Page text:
Race 1 This was an Outer Loop Trapezoid with two laps. We wanted to go left and had a good start, but got pinched off by the Portuguese team. We took a clearing tack and got to the puff on the left, but a bunch of boats beat us there. At the first weather mark, we were 10th.
On the next beat, we got into phase with some big shifts and puffs and rounded eighth, and then on the next run, we bore away again, but got lower for more pressure and rounded the leeward mark in sixth.
We stayed in sixth at the next weather mark and then jibe-set. The pack in front of us bore away, and we had more wind and moved up to first by the last leeward mark and won the race!
Race 2 This was a windward-leeward course with three laps. The race committee took a while to get the next course set up in the shifty wind, but we eventually got racing after the girls' start. It was looking like we needed to get left again until just before the start when the right started looking better. Most of the fleet was at the pin, so we started at the boat and worked the shifts up the right side, away from the rest of the fleet. It worked out well for us, and we rounded the first mark in fourth. We found a good puff on the run and rounded the leeward gate in second. We found some good puffs and stayed in phase on the next beat and rounded in first. Then we held the lead for the rest of the race and won again!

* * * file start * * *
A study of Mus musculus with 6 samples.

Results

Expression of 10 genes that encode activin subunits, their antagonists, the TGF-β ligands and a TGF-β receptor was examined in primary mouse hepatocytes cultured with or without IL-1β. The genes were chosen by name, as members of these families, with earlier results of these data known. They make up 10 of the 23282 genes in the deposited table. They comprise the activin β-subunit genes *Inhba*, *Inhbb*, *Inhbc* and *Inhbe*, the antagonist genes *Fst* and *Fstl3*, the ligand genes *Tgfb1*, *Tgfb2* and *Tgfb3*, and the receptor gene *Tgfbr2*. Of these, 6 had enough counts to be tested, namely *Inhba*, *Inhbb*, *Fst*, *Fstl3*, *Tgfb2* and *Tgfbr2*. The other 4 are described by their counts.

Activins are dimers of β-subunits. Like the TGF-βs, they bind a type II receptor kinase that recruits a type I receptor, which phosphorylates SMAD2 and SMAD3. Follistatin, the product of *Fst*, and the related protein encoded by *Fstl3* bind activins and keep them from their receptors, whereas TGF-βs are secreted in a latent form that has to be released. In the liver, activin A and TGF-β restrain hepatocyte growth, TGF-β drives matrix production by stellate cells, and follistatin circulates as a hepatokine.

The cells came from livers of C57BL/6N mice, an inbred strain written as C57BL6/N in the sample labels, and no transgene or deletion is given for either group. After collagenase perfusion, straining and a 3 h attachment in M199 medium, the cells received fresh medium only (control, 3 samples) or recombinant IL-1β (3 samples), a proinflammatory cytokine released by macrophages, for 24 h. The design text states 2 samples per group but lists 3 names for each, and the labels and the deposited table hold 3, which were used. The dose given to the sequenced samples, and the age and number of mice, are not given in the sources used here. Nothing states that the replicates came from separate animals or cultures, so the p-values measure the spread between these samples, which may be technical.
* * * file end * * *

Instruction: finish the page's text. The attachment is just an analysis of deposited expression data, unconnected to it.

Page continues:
Due to those finishes, we moved up to first overall today, tied with the Portuguese. The Australians are about two points behind. We have a day off tomorrow and then race again on Sunday.
Martha Masons Olympic Commentary
The Olympic Regatta continues in Sydney Harbour in bright, perfect weather conditions. Even the faint pall of smoke from nearby bush fires can't dampen the spirits of the sailors and their supporters. And the wind, which had been frustratingly light for the first two days of sailing, has filled in nicely.
The Solings had Thursday off as a lay day. The fifth and sixth Soling races, held on Wednesday, completed the feet-racing schedule, which served to eliminate the last four boats and whittle the field of 16 competitors down to 12. These 12 boats will start a series of round-robin match racing to determine the ultimate winner. For these matches, the ranking among the 12 boats is important, as the first six teams get to sit out and wait while the last six compete. The three winners of that round will then move on to challenge the boats in ranks 4, 5, and 6, while the top three continue to rest and practice. Finally, the winners of the second round will meet the top three boatsNorway, New Zealand, and the Netherlands. The US, Russia, and Australia, in fourth, fifth and sixth place, will also be grateful for the extra days. Jesper Bank of Denmark, who was predicted by many to win a medal, just barely made it into the surviving 12, pulling an essential fourth place in the last race. Norway, with a solid first place guaranteed, was able to sit out the sixth race and go home early.
Domingo Manrique, the middle crew for the historically strong Spanish team, attributed his teams last-place finish to slow boat speed and the light winds. Although they came in eighth and sixth on Wednesday, when the wind started at about 13 knots and stayed above six for the rest of the day, they were not able to overcome the deficit created by their two last places from the day before. "In that light air, we just could not make the boat go," said Manrique.